A Bite of the Apple: A Life with Books, Writers and Virago
This little book is as candid and charming as its cover, and not coincidentally the kind of book its author, Lennie Goodings, likes best. This is to say, a book “that doesn’t quite fit neatly into categories,” not only following the vicissitudes of the Virago Press, but also musing on post-feminism, the craft of editing, “the intimacy of reading; the private seduction of being alone with words that are speaking just to you.”
Virago was founded in 1973, the year when the Watergate investigation was about to bring down President Nixon, and Britain joined the European Economic Community (EEC). Arriving from “the colonies” that is to say, Canada, in 1978 (fellow Canadian and Virago author, Margaret Attwood noted that in England in the 1970s, “being Canadian was sort of like being cross-eyed, only less interesting . . .”). Goodings approached Virago with an idealistic vision of it as a woman’s collective, only to find that it was already a force in the publishing world, which was at that time (and still is to a certain extent) somewhat of a gentleman’s club. Virago had already published 30 books, and launched its Virago Modern Classics list, which is still highly regarded. Virago was not run as a collective, but under the firm and hierarchical grip of Managing Director Carmen Callil, “but it did have a most generous attitude towards sharing things like tea- and coffee-making—and cleaning the office.”
Virago aimed to bring the issues and ideas of feminism to a mainstream audience, and to champion women’s talent and leadership, without getting into arguments about the meaning of feminism, and who it was for. Virago was market-driven while attempting to change the way the market was run; “living within the tension between idealism and pragmatism; between sisterhood and celebrity; between watching feminism wax and wane at the same time as knowing many battles are still to be won.” As well as devoted followers, this has of course earned Virago enemies from many camps including those who criticize it for being overly commercial and celebrity oriented (author Maya Angelou “liked to party”); and others who blame it for the ghettoization of women writers.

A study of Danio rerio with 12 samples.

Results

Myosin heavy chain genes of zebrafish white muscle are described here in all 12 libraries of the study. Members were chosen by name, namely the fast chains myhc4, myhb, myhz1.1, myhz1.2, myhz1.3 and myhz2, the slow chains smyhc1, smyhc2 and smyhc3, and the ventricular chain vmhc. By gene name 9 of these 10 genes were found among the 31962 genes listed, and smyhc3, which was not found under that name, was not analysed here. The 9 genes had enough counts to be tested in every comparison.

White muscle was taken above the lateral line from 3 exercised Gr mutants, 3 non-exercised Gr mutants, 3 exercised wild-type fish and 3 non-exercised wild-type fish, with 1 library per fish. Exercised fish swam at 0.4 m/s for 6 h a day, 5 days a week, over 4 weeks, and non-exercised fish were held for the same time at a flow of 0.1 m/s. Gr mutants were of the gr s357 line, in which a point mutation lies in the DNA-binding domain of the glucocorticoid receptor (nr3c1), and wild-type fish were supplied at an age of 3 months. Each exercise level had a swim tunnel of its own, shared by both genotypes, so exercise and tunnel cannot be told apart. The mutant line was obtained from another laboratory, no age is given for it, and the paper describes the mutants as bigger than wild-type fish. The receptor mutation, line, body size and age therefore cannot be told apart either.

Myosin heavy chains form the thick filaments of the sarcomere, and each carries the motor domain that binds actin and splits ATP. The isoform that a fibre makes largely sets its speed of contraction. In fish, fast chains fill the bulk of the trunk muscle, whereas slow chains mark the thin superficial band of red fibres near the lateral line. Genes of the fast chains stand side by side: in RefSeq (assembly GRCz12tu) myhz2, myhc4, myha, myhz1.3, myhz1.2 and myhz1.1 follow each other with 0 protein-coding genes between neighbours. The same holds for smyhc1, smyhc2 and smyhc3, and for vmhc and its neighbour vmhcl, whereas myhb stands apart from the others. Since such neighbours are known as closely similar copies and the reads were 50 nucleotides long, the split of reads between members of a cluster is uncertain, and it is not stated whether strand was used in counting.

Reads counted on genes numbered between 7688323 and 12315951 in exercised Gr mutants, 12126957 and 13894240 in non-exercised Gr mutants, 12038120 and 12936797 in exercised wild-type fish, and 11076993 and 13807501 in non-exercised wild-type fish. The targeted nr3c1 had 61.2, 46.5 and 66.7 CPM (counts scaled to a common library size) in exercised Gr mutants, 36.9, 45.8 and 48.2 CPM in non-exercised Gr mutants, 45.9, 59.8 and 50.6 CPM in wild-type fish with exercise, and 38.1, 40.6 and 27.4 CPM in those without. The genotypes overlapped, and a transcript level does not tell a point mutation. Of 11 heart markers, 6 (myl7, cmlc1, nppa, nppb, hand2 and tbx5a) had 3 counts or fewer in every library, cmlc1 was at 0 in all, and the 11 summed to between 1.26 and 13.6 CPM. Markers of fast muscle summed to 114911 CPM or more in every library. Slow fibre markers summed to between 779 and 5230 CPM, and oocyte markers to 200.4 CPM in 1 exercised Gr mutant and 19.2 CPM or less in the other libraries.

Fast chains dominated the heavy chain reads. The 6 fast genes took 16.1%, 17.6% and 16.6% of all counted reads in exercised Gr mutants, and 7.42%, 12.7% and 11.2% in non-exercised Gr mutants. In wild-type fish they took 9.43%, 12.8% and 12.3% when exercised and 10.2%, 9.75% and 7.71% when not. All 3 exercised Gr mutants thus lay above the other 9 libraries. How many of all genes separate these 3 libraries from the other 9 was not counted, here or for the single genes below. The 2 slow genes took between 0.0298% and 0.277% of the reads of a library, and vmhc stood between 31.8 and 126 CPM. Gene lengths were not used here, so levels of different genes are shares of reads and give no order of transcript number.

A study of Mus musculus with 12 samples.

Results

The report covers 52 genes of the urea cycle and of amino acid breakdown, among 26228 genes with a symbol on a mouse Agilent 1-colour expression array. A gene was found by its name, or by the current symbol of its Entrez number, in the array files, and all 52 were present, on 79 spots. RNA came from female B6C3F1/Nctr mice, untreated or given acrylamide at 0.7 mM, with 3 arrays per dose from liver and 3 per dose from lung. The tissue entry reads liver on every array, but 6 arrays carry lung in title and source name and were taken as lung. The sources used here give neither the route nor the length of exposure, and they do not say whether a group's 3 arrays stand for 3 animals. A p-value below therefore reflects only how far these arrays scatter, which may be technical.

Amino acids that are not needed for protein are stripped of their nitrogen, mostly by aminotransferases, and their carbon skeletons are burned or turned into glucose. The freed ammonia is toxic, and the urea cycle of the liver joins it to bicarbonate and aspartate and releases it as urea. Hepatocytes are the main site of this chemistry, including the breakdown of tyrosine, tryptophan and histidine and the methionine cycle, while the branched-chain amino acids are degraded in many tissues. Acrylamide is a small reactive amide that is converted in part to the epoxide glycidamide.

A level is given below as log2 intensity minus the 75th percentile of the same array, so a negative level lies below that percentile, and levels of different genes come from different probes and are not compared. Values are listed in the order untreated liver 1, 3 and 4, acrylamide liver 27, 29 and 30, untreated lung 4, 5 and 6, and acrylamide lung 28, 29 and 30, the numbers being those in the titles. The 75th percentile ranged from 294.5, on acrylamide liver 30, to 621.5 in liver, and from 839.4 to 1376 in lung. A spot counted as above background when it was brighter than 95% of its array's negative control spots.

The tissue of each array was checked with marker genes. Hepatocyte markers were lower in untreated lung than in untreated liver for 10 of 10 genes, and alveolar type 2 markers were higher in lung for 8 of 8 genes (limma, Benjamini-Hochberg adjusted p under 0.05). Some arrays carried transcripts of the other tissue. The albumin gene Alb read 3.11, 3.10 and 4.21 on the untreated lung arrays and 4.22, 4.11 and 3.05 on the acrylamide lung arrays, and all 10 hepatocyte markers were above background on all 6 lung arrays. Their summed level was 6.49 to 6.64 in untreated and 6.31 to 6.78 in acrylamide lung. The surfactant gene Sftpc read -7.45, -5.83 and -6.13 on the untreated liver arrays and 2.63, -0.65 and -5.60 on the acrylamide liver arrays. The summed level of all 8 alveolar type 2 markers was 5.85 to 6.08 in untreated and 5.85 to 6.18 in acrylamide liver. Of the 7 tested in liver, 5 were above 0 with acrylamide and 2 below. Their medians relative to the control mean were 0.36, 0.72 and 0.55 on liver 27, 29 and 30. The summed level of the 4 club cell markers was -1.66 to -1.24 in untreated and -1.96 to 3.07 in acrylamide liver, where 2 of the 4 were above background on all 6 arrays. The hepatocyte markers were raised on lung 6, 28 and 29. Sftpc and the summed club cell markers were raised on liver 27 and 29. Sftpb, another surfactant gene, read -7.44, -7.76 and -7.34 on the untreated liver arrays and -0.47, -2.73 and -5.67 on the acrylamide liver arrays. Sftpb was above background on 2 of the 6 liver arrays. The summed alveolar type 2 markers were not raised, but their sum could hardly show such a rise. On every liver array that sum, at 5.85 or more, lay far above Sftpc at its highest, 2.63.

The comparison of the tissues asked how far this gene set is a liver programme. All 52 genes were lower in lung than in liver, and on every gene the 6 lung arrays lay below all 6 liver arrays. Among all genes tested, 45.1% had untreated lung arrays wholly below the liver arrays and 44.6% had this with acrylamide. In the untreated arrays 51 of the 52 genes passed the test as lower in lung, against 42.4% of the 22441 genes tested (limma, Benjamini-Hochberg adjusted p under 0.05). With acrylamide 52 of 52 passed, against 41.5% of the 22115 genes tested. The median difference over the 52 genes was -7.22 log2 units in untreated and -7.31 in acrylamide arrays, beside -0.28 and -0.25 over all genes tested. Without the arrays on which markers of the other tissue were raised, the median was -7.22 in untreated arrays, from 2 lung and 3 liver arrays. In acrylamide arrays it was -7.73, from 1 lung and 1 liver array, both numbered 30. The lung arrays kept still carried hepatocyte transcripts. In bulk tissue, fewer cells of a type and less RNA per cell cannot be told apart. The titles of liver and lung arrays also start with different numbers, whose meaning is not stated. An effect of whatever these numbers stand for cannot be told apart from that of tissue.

While the vast majority of Virago’s new and revived out-of-print books are indeed by women (e.g. Margaret Atwood, Angela Carter, Kate Millett, Naomi Wolf, Daphne du Maurier), they also publish a few books by men with feminist themes. H. G. Wells’ feminist coming-of-age novel, Ann Veronica (1909) is usually cited here in support of his feminist credentials.
Virago was only one of many publishers dedicated to promoting change in the publishing landscape, and in 1984 a number of them got together to hold the First International Feminist Book Fair, which while recognized as “a commercial and political success,” was also shamed by its lack of disabled access and called out by Audre Lorde and others for its “outrageous lack of many women of colour on the committee.” It’s not clear whether “many” actually means “any” here. Lorde later called the “fair a monstrosity of racism,” a condemnation that Virago and other feminist presses swiftly took to heart and began consciously to develop a more diverse list of authors.
One of the most interesting chapters relates to the craft closest to editor Goodings’ heart, the craft of editing and the complex relationship between editor and author; and between the author and the phalanx of people, other than the editor, who are going to “groom” the manuscript in one way or another “ literary agent, copy-editor, proof-reader, jacket designer, production controller, print-run manager, rights manager, contracts manager, royalties manager, publicist, marketer, sales team (home, export, wholesalers) ware-house people, van drivers,” and later down the line the “librarians and booksellers.” And still people sit down optimistically to write books.
Does the world still need feminist publishers and women’s prizes for literature? For Gooding as long as there is still gender disparity between the numbers of reviews that men’s and women’s books receive, and while men still tend not to read books by women, then Virago and its allies and competitors in the field need to continue to flourish. A handy hint for optimistic authors: It has been speculated that books written by women with gender neutral names (Hillary Mantel, A. S. Byatt), or with a male protagonist, Cromwelll), always do better with a male audience.